If you’re a first time job seeker or have been out of the job market a while, you may not know the best way to work with a recruiter. A recruiter can be beneficial to finding a job in a tough economy or industry; however, it can also lead to nothing if you don’t know the right questions to ask recruiters. If you’re contacted by a recruiter, here are some topics you should discuss:

The company
As a job seeker it’s important to not lose sight of the big picture. A specific job may sound appealing but the company’s reputation may be less so. If a recruiter contacts you about an opening, ask about the company’s size, locations and culture. Inquire as to whether the recruiter thinks you’ll fit into the business with your background and expertise.

The specific position
It may seem obvious to discuss the open position but there are a few questions candidates often don’t know to ask. Inquire as to how long the position has been open and why. You can also ask the recruiter if he or she has placed a candidate in this position before. This information can help you gauge the company’s employee retention in this position.

Ask which specific qualifications the employer is interested in. The job description the recruiter gives you will likely have a long list of what the employer wants. However, there are usually a few deal-breaker requirements. Find out what those are before you decide if you’re interested in the position.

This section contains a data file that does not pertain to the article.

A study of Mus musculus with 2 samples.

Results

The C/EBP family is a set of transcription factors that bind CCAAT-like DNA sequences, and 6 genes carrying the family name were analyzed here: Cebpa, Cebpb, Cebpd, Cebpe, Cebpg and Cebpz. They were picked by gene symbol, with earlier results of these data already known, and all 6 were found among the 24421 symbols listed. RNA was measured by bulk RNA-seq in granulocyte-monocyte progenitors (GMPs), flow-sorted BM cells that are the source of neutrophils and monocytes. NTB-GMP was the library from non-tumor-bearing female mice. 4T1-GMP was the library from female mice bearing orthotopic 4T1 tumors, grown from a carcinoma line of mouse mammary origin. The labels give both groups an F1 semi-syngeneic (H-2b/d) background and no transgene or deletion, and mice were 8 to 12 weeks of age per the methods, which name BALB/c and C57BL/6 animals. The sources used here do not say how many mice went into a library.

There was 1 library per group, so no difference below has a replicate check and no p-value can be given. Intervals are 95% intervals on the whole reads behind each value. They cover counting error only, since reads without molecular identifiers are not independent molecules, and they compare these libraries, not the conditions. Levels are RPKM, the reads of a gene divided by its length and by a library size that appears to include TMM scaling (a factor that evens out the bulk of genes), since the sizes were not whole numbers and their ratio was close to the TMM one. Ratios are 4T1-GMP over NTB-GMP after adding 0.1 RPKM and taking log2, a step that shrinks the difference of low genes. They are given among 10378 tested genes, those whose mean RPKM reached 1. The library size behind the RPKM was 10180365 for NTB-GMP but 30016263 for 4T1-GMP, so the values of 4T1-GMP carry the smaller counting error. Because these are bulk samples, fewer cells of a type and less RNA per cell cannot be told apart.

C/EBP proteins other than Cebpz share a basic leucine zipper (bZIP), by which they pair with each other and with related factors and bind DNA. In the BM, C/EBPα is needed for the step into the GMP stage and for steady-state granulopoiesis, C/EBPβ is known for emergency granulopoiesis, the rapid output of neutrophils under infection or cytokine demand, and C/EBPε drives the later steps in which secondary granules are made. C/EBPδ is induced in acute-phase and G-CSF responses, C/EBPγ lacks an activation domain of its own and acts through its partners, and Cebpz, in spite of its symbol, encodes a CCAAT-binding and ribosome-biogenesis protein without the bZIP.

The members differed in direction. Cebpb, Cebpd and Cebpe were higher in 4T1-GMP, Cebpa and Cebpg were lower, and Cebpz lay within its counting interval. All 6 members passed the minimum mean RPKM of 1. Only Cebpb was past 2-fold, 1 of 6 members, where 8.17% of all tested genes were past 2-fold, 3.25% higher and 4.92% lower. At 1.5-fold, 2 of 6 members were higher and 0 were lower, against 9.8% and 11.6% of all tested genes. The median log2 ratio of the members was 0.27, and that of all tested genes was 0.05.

It’s also appropriate to ask about compensation. Your interest in the job can change depending on the salary, bonus structure and benefits. Make sure to inquire if there are other perks, such as a gym, child care and public transportation discounts.

The recruiter
If a recruiter is calling you, it’s a good sign he or she thinks you’re a strong candidate for a position they have or are likely to have. Get to know the recruiter. Ask about his or her background and placement rate. Also inquire whether the recruiter only wants to place someone in this specific position or whether he or she is interested in building a relationship with you. If you find you like the recruiter and feel comfortable working with him or her, develop this relationship. The position may not work out, but the recruiter may be able to help you find a job somewhere else.